Trust Is Still The Secret Word at Advertising Week
Besides distrust, the topic of technology persisted at this year’s event.
Advertisers and their agencies love gadgets, so it is not surprising that there has been a lot of talk about AI in marketing tech, conversational marketing, audio interfaces, et. al at the 2017 meeting of the ad tribes at Advertising Week in New York this week. In fact, Unilever CMO Keith Weed couldn’t boast enough about the 15,000 U.K. users of its Amazon Echo cleaning advisor that can even sell you the cleaning solution on (pardon the pun) the spot.
Beneath the bright shiny objects, however, the persistent theme of distrust in the digital ecosystem remained strong. When he wasn’t gushing about tech, Weed also characterized the digital supply chain as “murky” with fraud and a lack of accountability still rife.
But what came through most clearly is that trust is also an issue for consumers and these emerging ad channels. Weed shared Unilever research showing only 2% of women surveyed considered women they see depicted in ads as intelligent. 40% say they do not relate to women in ads. The company is starting an industry group called the “Unstereotype Alliance” to move beyond stereotypical ad depictions.
The opportunity for media companies here is clear. Rethink the creative. Tap the authentic voices from your own audience and influencer networks on behalf of ad clients. The disconnect is not just a matter of ad formats, clutter and intrusiveness. It is the message itself.
Speaking of consumer/advertising disconnect, the CMO Council—lo and behold—discovered that context matters. Consumers are being turned off to advertising when it appears next to questionable content. In fact, 63% of consumers say they respond more favorably to ads that appear in media environments they trust. No word on whether Facebook or Twitter qualify as “trusted” in this equation. At a panel of media companies at MediaPost’s OMMA@Advertising Week, Disney’s Consumer Products VP of Business Insights, Dana McGraw, confirmed that it has the data to show how ads perform better on O&O environments than on distributed platforms. This was a point echoed elsewhere at AW by USA Today’s Michael Kuntz who touted similar research at his sites. These are precisely the kinds of metrics publishers need to emphasize with clients.
But the news gets better for traditional media. Also released for Advertising Week, a Morning Consult poll of consumers found that many consider ads best targeted on social media (46%) and Internet ads (45%) but 75% consider online ads most intrusive, followed by social (69%).
Interestingly (here is your sub-head, print folks), the least intrusive form of advertising is print (44%), and it is also the second most entertaining (49%), exceeded only by TV (60%). Interestingly, two of the most traditional media, TV and print, still come out best with consumers in terms of ad impact and enjoyment. But elsewhere in the media ecosystem, institutions are being upended. There was no shortage of industry hand-wringing over whether the ad agency itself will survive, whether it needs to be rebranded, whether advertising itself should continue to be called advertising. We heard more and more from brands like Target, Lenovo and Unilever about how much technology is allowing them to bring many agency functions in house and let them establish more direct relationships with the major platforms and publishers.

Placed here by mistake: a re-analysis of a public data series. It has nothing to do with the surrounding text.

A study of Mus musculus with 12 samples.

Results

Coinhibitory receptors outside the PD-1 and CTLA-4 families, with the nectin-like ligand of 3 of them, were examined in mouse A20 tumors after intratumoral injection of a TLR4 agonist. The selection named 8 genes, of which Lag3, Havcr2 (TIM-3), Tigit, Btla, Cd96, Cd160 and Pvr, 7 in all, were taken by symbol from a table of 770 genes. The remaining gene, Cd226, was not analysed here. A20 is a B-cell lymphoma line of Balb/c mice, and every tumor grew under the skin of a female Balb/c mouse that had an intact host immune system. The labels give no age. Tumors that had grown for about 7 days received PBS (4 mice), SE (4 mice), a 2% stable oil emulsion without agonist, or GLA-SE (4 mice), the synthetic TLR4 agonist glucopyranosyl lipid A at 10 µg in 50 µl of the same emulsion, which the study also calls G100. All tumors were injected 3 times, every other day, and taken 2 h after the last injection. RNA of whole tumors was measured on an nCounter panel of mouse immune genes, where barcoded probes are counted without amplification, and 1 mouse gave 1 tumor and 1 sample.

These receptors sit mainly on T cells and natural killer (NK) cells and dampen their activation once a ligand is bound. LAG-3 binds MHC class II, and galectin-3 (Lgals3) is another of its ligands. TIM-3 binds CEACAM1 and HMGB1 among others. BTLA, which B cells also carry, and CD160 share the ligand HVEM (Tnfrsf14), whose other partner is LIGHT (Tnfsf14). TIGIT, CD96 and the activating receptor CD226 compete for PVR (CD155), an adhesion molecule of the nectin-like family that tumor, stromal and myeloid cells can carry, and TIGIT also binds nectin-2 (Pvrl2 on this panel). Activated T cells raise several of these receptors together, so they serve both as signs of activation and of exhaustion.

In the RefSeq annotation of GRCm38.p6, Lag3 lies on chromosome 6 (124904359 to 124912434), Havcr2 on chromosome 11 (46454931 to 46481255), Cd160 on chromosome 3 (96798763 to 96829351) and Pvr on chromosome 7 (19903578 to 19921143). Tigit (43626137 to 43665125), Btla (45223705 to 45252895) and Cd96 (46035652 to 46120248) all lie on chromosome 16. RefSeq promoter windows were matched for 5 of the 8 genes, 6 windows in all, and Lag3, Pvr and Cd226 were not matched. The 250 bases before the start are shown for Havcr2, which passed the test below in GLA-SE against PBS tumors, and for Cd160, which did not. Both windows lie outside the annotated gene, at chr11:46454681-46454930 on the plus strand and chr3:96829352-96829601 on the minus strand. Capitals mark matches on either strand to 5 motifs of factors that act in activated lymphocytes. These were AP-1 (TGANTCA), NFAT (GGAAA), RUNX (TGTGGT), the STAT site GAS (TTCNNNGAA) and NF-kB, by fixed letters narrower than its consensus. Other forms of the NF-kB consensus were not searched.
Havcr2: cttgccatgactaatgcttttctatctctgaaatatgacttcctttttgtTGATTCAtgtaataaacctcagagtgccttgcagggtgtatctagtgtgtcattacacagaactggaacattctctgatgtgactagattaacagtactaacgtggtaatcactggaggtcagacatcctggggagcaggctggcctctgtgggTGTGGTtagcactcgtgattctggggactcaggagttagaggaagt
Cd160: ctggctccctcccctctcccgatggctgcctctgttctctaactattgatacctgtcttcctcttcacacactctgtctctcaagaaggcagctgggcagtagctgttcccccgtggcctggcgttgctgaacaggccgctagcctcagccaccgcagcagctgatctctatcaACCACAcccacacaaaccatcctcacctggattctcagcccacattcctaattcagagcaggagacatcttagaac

Superficially, this tumult in the client/agency relationship seems like it might be a good thing for media. There appears to be a flight (or at least lip service) towards quality environments and more data supporting the trend. But in my conversations with media themselves, it is still unclear how they as a group can take on the inertial forces and endemic strengths of the oligopoly (Google, Facebook, Amazon).
While there are industry plans afoot to provide a universal ID that may level the playing field in taking on the crossplatform advantages of the big three, a panel on the topic seemed to throw cold water on its feasibility. Agency holding companies like Publicis and Dentsu Aegis are trying to erect their own proprietary data piles that do this for clients.
In my own panel of different media, including Disney’s McGraw, Oath’s SVP Demand Platforms Jay Seidman and SheKnows SVP Advertising Solutions Manny Balbin, I came away sensing three very different perspectives and approaches to taking on the oligopoly. Seidman says scale and convenience are still the chief advantages these massive platforms maintain with media buyers, but that there is still room for contenders. In gathering AOL, Yahoo, and Verizon’s own customer bases, tech and data together, Oath clearly sees itself taking on the platforms on their own turf. In fact, there was a lot of discussion this week about the “silent giant” of telcos and ISPs (Verizon, AT&T, Comcast) helping to drive a resurgence of quality media against the oligopoly.
But smaller-scale verticalized concerns like SheKnows (which is probably closer to magazine positions) need to make the case that they can customize campaigns for more engaging experiences with an audience they understand better than any platform can. Meanwhile there are the handful of uber-brands like Disney/ABC whose identity is not diminished or commoditized by platform distribution. For them, partnering with everyone remains advantageous because the heft of their brands leverages quality and legitimacy.
Which is to say that the media response to oligopoly will remain somewhat fragmented and grounded in diverse brand identities and business strategies.
Meanwhile—the stronger get stronger. eMarketer opened the week by revising its projections upward for the share of digital media spend going to Google and Facebook in 2017—63.1%.